The early teal season kicked off Saturday with little fanfare.
Although habitat conditions across much of the state are currently very poor due to record heat and a lack of precipitation, bright spots include portions of the Texas Panhandle, where some areas received record rainfall earlier this summer. Precipitation provides critical shallow freshwater habitat on the landscape for incoming birds.
Many playa basins are still holding water going into the season and birds should find these areas of the state very favorable as well. Deep south Texas and portions of the lower Gulf Coast also hold some promise thanks to much-needed rainfall from the recent tropical storm.
“Overall, this September I’m expecting a below- average teal season this September for much of the state due to dry conditions,” said Kevin Kraai, Waterfowl Program Leader for the Texas Parks and Wildlife Department (TPWD). “Things can and often do change quickly, and if precipitation does finally come, migrating teal will most certainly take advantage of any new surface water that may appear. It would instantly improve prospects for hunters.”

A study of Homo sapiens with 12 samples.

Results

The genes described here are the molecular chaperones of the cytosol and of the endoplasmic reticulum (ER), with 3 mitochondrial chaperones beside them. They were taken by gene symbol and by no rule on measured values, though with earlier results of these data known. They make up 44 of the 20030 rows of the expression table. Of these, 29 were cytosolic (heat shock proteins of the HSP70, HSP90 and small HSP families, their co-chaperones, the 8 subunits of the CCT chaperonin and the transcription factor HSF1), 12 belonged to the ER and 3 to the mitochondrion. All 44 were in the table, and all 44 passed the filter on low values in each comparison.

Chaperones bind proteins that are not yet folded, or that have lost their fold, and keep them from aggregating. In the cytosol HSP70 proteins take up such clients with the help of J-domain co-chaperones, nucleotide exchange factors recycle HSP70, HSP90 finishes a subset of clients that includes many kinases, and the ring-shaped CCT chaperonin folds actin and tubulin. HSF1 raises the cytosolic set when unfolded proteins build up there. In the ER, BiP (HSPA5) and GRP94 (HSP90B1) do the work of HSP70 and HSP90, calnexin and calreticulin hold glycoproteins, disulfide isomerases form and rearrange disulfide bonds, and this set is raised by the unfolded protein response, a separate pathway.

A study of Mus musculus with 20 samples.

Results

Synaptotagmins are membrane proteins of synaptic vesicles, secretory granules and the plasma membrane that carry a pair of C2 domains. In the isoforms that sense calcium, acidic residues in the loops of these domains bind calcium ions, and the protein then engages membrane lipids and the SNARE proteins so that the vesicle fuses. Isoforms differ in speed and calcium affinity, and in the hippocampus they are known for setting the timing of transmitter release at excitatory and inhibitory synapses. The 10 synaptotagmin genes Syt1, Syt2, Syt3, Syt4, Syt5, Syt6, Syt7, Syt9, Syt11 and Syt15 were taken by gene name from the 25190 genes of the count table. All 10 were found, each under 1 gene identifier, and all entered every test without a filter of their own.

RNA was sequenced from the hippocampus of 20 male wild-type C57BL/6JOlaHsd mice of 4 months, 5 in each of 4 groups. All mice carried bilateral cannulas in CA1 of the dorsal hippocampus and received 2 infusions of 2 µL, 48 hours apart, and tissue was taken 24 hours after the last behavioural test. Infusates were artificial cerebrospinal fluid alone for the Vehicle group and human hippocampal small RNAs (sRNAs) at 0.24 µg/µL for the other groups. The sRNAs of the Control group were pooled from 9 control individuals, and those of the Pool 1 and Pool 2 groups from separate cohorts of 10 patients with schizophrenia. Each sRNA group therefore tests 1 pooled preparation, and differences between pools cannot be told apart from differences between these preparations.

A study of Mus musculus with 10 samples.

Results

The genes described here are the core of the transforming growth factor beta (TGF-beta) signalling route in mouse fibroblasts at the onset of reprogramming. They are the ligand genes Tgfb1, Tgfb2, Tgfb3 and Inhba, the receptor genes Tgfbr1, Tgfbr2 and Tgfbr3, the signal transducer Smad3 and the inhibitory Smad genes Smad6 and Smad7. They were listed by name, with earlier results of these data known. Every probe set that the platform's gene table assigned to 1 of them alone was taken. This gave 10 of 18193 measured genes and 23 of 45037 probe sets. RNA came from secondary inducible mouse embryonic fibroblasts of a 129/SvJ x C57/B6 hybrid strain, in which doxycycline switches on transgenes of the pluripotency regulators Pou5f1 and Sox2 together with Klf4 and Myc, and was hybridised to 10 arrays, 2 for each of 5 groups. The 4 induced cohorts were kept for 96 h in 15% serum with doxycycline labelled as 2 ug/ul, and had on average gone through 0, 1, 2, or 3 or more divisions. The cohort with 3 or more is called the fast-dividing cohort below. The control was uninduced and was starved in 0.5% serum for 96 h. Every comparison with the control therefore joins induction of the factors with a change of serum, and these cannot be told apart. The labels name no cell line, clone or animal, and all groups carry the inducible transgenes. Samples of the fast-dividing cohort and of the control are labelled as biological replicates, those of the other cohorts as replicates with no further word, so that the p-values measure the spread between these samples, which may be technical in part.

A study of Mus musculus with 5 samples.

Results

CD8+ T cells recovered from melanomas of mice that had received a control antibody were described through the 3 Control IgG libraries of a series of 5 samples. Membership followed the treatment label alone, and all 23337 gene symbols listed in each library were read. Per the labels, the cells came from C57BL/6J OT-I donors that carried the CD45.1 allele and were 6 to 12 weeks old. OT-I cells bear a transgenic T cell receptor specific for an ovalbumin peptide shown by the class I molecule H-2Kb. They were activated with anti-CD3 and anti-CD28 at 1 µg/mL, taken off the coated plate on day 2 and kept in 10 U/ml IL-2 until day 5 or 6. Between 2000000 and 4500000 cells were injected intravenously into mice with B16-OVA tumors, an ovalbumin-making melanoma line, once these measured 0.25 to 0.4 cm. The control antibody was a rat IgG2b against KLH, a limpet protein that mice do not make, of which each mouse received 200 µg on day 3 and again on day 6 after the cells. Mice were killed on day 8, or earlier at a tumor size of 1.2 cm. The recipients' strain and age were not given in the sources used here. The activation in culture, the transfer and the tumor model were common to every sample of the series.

Blue-winged teal breeding populations declined 19 percent from the previous year’s estimate, but the good news is the current estimate of 5.2 million remains above their long-term average. This current estimate is above the 4.7 million bird threshold required to have a 16-day teal season for 2023-24, resulting in no changes to the season length or bag limits for both this season and 2024.
The 16-day statewide 2023 early teal season in Texas will run Sept. 9 through 24. The daily bag limit on teal is six, with a possession limit of 18.
Blue-winged teal are the second most abundant duck in North America and by far the most prevalent duck found in Texas during the special early teal season. They primarily breed in the Prairie Pothole Regions of North Dakota, South Dakota, Saskatchewan and Alberta.
“Production in the eastern Dakotas was above average and an abundance of teal broods were observed later in the summer, thus there should be plenty of juvenile birds winging their way towards Texas this fall,” added Kraai. “Portions of eastern North and South Dakota saw significant increases in ponds on the landscape this past May.”